St. Gelais, Hamelin have golden rule: no 'short track talk' at home
Canada's first couple of speed skating say they have found the key to their successful relationship
Marianne St. Gelais and Charles Hamelin have a rule: no talking about short track speed skating away from the rink.
It seems to be working for one of Canada's best-known sports couples because both are still among the world's elite and neither looks to be slowing down in a sport that usually rewards younger legs.
Their romance drew national attention with a long kiss on the side padding after Hamelin won gold at the 2010 Olympics in Vancouver. They are still together and still winning races.
The longtime couple who have no children together, recently posted a photo of them with their new God daughter to their Instagram accounts.
"We made a pact 10 years ago when we met," St. Gelais said Wednesday. "We said we're both athletes, we each have our own coach, so we won't do that with each other."
"That" means talking about skating at home.
"I'm your girlfriend, you're my boyfriend," she said. "You're there to comfort me when I'm crying, but you're not there to say 'If I was you I'd do this or that.'
"We don't want to talk about blade problems or stuff like that. On the way home we talk about stuff but once we're at home, we're not allowed to talk about skating. It works like that."
It couldn't work much better for St. Gelais, who also stopped watching Hamelin's races because it got her to emotionally wound up.
The Saint-Felicien, Que. native who will turn 27 on Feb. 17 keeps getting stronger. She had a career-best 2015-16 season with 11 World Cup medals and followed with gold and silver medals at the world championships.
In four World Cups this season, she was on the podium six times and feels she can do even better.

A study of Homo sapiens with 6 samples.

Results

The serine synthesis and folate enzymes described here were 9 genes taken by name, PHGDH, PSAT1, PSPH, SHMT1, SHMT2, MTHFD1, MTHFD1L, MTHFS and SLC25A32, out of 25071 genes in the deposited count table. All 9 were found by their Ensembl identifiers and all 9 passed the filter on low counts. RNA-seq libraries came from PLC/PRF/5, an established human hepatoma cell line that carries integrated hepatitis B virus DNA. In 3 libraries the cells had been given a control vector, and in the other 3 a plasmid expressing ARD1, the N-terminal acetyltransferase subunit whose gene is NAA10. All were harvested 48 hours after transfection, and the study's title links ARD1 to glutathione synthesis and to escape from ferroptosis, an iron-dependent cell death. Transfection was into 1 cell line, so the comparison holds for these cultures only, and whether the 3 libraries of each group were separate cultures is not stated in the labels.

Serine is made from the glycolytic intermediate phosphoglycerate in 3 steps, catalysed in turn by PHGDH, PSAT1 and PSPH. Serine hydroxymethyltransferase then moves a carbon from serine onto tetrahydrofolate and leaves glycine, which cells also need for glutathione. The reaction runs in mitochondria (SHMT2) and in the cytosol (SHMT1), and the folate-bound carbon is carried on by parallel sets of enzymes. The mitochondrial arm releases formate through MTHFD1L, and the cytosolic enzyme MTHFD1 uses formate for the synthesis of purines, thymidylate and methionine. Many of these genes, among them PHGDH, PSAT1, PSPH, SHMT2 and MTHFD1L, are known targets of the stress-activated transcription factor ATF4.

"I don't scale myself with medals," she said. "It's about how I feel and how I'm improving tactically.
"This year I've been a little under where I want to be. Tactically I need to be more sharp and make better decisions. I work on it every day and I'm improving, but it's still not quick enough. I feel my opponents are a little ahead of me."
Hamelin had a slow start but bounced back with gold in the 1,000-metre race at Gangneung, South Korea in December. That showed the 32-year-old from Ste. Julie, Que., is still a force more than a decade after breaking into the top ranks of short-track.
"It's one of my worst years in terms of medals, but it is behind me and I've worked on what I had to work on," said Hamelin as skaters prepared for a selection meet this weekend at the Maurice Richard Arena. "The last World Cup was really good.
"Since we've been back it gets better every week and I'm really confident for this weekend."
A team of six men and six women will be picked to compete in the final two World Cup events of the season in Dresden, Germany and Minsk, Belarus in Febuary. From that, a team of five men and five women will enter the world championships March 10-12 in Rotterdam, Netherlands.
A winning deal
Hamelin, a three-time Olympic gold medallist, is looking for top-three results in the final World Cups to boost his confidence for yet another run at the overall world championship title that has eluded him so far.
St. Gelais will be chasing the women's overall title and hopes that going head to head with rivals like South Korea's Choi Min-Jeong, Arianna Fontana of Italy and Elise Christie of Britain in World Cup races will be ideal preparation.
That they both are still contenders for the titles suggests that their arrangement on and off the ice seems to be working.
"I'm her boyfriend and she's my girlfriend and we want to keep it that way," said Hamelin. "I'm not her coach and she's not my coach.
"For sure, if she has a big question on her mind and she asks my point of view about it I'm going to answer, but I'm not going to be on the boards shouting (advice). We're not like that. At the rink we're teammates, not boyfriend and girlfriend."
Hamelin's spot as Canada's top skater was challenged this season when 20-year-old Samuel Girard took gold and silver at the season-opening World Cup in Calgary and followed with 1,500-metre gold in Salt Lake City in November. But the Ferland-et-Boileau, Que., skater is now looking to bounce back after a so-so effort in the two Asian World Cups.
He is considered by some as the next Hamelin, but Girard is just glad to get to be his teammate.
"Later I can say I skated with Charles Hamelin when he was 32 and he was still great," said Girard. "He's showing that the sport is not just for two or three years.
"He's showing you can be on the circuit for more than 10 years. I love that part of it, athletes with long careers. I want to continue this way."